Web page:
NZ reggae. It’s New Zealand’s style of reggae music which has birthed some of the nation’s brightest stars since its development in the 1970s.
L.A.B is among its constellation, and the five-member group has been shining on music charts and across various stages over the last year.
The band is currently promoting its 12-track L.A.B IV album which debuted in December.
The project features the groovy number Why Oh Why which spent five consecutive weeks atop the NZ Top 40 Singles Chart upon its release.
Why Oh Why remains on the chart 24 weeks later, currently sitting at number 22.
L.A.B’s lead vocalist and guitarist Joel Shadbolt said the feat caught them by surprise.
“We never expected it to be a chart-topper at all, it was our fans who really helped make this track massive,” he told BUZZ. “It was super surprising for us, too, that pop radio in New Zealand started playing the song. It’s one of the first times a reggae-heavy song was played on pop music stations.”
Shadbolt said the track was inspired by the band’s desire to write a reggae song which reflected the “UK-reggae style” by which they are heavily influenced.
“Why Oh Why was one of those songs that came naturally; a happy feel good song… It was actually the last song we finished for our album and one that came out super quick.”
Their chart success also includes the 2020 dreamy hit In the Air, a more funk-jazz-pop display of L.A.B’s eclectic style. The song also earned the band the top spot on the End of Year NZ Official Music Singles Chart, beating The Weeknd’s Blinding Lights.
Speaking on the origin of their relationship with reggae music, the members, further comprising bassist Ara Adams-Tamatea, drummer/vocalist Brad Kora and keyboardists Miharo Gregory and Stu Kora (vocalist), said they all grew up on reggae music, which is affixed to New Zealand culture.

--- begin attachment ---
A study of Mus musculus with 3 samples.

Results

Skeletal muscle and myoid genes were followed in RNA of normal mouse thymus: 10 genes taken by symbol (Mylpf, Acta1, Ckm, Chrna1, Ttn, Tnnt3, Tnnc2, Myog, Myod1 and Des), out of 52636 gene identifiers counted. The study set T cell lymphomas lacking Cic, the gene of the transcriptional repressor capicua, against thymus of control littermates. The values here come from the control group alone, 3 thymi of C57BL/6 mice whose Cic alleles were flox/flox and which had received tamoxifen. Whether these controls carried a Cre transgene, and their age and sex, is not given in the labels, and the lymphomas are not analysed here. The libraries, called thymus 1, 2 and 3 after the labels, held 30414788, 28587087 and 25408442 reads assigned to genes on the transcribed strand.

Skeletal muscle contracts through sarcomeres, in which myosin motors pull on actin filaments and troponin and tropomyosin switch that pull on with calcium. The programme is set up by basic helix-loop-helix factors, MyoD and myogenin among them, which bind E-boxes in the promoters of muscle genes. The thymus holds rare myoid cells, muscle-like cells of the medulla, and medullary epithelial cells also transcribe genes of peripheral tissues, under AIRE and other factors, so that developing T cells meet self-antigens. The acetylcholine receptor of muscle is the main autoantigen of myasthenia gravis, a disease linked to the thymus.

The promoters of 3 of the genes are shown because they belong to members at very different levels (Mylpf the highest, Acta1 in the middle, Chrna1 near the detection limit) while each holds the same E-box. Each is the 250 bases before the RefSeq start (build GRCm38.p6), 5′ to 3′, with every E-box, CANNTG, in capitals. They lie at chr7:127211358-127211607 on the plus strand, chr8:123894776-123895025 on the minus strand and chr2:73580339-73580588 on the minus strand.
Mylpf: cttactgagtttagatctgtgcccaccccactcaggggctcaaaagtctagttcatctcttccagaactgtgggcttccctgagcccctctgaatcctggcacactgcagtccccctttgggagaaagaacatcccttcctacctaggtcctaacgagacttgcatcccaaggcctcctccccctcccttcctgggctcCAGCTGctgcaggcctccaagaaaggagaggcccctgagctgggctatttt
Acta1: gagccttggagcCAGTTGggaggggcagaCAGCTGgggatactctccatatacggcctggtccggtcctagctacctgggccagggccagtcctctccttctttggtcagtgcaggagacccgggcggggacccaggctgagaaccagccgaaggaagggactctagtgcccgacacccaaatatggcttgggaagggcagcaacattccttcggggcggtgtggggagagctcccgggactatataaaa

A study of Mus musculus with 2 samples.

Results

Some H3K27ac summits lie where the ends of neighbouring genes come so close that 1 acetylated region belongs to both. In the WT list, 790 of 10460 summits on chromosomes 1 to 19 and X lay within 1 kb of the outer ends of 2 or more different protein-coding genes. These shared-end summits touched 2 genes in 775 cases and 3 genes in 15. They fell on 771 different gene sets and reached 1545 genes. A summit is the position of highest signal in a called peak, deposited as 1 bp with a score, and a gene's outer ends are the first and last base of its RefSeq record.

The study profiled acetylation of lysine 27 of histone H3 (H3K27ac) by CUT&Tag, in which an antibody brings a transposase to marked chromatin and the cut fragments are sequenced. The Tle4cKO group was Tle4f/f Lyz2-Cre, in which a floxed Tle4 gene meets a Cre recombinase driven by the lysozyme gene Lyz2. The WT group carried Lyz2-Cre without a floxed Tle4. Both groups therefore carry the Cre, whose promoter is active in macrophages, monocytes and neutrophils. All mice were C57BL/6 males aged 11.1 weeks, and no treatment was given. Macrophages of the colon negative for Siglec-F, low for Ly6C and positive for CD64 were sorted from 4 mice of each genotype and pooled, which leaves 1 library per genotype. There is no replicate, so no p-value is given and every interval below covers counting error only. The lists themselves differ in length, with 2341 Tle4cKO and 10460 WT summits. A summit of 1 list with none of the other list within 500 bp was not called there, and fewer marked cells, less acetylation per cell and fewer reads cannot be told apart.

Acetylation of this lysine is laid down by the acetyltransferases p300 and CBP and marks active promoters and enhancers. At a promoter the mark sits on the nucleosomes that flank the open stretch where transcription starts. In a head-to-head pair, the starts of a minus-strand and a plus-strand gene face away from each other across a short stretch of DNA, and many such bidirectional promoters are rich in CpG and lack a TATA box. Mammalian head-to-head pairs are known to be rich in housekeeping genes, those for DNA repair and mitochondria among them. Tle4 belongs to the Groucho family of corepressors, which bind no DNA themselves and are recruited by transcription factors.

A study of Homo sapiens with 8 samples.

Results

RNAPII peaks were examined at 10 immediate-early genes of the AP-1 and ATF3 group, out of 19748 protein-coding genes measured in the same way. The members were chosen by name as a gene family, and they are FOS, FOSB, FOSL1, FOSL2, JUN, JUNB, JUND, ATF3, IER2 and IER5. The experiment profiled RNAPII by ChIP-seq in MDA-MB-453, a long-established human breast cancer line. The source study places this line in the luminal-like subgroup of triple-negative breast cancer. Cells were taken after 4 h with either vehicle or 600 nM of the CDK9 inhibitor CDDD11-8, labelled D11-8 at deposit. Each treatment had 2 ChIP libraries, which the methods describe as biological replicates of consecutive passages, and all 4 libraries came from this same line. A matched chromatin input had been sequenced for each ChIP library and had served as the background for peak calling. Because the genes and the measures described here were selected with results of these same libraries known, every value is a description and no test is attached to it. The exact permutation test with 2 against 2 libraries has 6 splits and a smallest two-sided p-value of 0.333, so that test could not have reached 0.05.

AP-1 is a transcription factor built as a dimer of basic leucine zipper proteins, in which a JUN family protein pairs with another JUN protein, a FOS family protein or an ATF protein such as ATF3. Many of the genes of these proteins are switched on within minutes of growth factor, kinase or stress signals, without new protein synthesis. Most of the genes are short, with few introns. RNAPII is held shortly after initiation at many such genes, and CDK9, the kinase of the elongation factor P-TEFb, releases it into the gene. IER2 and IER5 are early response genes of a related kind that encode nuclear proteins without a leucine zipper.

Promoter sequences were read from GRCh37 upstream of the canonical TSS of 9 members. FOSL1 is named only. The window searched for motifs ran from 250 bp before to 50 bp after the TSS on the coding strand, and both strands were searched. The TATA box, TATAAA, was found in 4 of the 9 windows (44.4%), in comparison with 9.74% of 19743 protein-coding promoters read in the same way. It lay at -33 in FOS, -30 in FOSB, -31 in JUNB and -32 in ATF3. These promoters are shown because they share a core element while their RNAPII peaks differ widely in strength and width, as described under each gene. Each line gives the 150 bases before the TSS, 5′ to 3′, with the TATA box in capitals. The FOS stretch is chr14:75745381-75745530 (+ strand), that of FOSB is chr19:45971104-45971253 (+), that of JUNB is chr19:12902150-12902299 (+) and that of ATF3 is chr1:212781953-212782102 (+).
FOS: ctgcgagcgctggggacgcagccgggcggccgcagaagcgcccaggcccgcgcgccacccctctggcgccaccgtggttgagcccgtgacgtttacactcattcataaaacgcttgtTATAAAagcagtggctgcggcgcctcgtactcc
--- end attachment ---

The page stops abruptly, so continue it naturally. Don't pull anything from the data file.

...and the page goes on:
“For myself and Miharo, being from a younger generation, we grew up listening to a lot of NZ reggae which was hugely influential as we started playing and making music,” Shadbolt said.
“I would say reggae is definitely one of our stronger influences, but the overall sound we go for is a roots-based sound. We like to touch on anything from soul, blues and funk to reggae, rock and jazz. Nothing is really off limits for us. We just play what makes us feel good.”
It’s an organic formula that adds to their live experience.
L.A.B has become one of the most popular and busiest acts in New Zealand in just five years, performing at major festivals and sold-out headline tours of Australia.
The band recently performed for a sold-out crowd at Mount Smart Stadium in Auckland.
“It was the biggest show we’ve ever done and it was crazy to have it sell out…” Shadbolt said. “Our music is made for anyone who wishes to listen to it. One of the best things about playing live is seeing the crowds and the type of people that come along. It’s always rewarding and interesting to see the different walks of people that are attracted to us.”
And they just attracted three sold-out venues upon the recent announcement of winter shows in Hamilton and Wellington.
They’ll also be heading to Australia in October.
Visiting the Mecca
Unlike Jamaica and the rest of the Caribbean where concerts have taken a virtual route because of the COVID-19 pandemic, New Zealand has cut itself off from the world which allows them better control of the virus and, ultimately, the continuing of mega festivals. L.A.B has been doing the rounds all year and hopes to visit the land of reggae in the future.
“We’d absolutely love to one day. Jamaica is such an iconic place for us and the home of some of the greatest music ever. It would be a spiritual experience.”